My daughter brings me the Kentucky Derby glass, her finger marking the spot on the glass where the great horse's name is listed under the year 1973. We own a collection of these glasses from all the years when my parents went to the Derby. (This is an example of "My mom went to the Kentucky Derby and all I got was this glass." But I'm not bitter. And I'm also not here to talk about that.)
I wanted to share something my mom, who got to see the great horse at the farm where he retired, told me. Because I shared it with my daughter when she showed me his name on the glass. And it got me thinking. (Incidentally, those 5 words probably scare my husband more than any others.)
If you've seen the Disney movie, you know that one of the big concerns about Secretariat was that his heart would explode if they pushed him to go too fast. That had happened with another horse and the people around him were worried it could happen again. They were protecting their investment.
And so they stood on the sidelines and they wrung their hands and they held the reins (figuratively and literally) and they tried to control the outcome. Until one brave lady looked into that horse's eyes and knew there was more inside of him-- they were holding him back from what he could achieve, not because he was scared, but because they were.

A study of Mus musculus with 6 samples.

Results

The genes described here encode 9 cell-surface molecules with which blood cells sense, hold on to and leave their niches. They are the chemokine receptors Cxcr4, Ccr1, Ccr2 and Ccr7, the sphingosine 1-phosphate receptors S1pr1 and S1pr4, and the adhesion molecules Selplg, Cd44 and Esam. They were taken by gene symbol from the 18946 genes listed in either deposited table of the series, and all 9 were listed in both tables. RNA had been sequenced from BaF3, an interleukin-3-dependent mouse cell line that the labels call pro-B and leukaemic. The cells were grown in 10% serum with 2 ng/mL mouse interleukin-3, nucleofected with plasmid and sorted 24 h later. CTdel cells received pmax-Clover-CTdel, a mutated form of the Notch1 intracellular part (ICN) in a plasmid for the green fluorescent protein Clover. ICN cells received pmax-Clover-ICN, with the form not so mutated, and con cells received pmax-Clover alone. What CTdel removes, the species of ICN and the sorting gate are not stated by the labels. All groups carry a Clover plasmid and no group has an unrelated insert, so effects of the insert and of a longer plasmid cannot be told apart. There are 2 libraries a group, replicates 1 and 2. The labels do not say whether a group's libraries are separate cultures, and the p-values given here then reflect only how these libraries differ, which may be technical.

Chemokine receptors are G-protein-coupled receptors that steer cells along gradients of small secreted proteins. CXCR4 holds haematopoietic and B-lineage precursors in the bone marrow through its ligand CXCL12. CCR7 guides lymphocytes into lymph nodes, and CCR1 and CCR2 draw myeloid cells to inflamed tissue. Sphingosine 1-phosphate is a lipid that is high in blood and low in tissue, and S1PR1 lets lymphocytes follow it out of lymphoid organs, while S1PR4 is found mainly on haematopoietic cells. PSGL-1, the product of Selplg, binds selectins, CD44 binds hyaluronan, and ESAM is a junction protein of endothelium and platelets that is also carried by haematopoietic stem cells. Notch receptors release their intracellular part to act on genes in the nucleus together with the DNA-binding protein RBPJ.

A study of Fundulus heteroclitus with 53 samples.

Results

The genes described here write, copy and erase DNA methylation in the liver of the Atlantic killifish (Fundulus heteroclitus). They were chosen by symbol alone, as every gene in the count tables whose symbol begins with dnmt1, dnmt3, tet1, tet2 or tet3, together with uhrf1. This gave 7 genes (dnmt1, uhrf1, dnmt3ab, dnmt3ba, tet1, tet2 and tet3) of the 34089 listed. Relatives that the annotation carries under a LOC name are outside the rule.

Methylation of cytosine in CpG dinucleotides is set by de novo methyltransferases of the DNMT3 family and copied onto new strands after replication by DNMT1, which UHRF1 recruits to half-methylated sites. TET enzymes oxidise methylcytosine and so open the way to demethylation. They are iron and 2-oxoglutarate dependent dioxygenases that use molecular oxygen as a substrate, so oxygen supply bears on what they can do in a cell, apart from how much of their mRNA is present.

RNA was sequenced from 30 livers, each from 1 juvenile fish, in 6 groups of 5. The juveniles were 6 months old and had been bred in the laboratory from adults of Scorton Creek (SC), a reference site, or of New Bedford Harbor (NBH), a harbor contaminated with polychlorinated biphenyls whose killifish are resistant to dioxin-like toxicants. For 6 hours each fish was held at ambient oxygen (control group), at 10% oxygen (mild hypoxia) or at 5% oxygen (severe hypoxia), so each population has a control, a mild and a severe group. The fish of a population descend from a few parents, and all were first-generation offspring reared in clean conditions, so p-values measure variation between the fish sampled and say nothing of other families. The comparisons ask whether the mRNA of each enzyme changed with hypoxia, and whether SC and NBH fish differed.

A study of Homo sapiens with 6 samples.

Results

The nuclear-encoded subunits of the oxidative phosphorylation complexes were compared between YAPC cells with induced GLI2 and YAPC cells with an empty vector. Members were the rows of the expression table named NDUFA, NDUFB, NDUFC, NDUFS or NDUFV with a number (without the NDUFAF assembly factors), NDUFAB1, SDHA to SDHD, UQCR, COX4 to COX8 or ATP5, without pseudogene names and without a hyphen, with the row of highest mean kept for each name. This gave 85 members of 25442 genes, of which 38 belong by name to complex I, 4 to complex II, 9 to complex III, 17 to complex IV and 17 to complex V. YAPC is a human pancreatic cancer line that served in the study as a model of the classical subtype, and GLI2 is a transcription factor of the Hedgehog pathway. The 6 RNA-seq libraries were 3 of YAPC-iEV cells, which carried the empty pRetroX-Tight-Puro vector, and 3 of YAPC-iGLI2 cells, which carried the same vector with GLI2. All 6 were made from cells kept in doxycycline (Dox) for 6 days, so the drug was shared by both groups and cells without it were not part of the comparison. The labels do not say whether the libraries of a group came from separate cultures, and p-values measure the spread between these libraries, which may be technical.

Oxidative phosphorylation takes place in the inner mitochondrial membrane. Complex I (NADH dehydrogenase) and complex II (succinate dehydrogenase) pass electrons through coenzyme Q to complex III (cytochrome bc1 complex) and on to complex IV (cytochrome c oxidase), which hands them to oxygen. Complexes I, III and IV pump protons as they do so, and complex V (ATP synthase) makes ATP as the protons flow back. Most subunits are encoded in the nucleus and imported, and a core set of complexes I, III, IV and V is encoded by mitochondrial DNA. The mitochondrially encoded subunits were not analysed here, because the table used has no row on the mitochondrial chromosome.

And here's what my mom told me that she learned. After Secretariat died, they did an autopsy of him and his heart was massively larger than a normal horse's. He could run faster because he was made to. Those people who were holding him back couldn't see inside him. They didn't know what he was capable of.
This made me think of those of us who see people trying to accomplish things and we hold them back. They want to run faster, harder, stronger and we-- because we can't do it ourselves or we know someone who failed before-- pull back on the reins. We try to protect our investments-- into our children, our spouses, our friends, our family. We have poured money, time, love into them and what if we lost? Better to hold them back. Better to be safe.
But what if they were made-- specially crafted by the hand of God-- to do more? What if your child actually can play an instrument better than the rest? What if your husband really was given the talent to write that novel? What if your friend can succeed with that crazy idea because she really does possess a better business acumen than the average person? What if that emotional risk your loved one wants to take is actually safe for them because their heart is larger than average?
We can't see inside people. We don't know what they're equipped to do. This is what I've been thinking about as I parent these young adults launching into the future, do life with a husband who is making decisions that might feel risky at times, befriend women who dream things I wouldn't dare try. Who am I to hold them back? Better for me to stand on the sidelines and cheer them on, urging them to go faster, run harder, be stronger than I ever could, trusting that's what's inside will carry them safely across the finish line.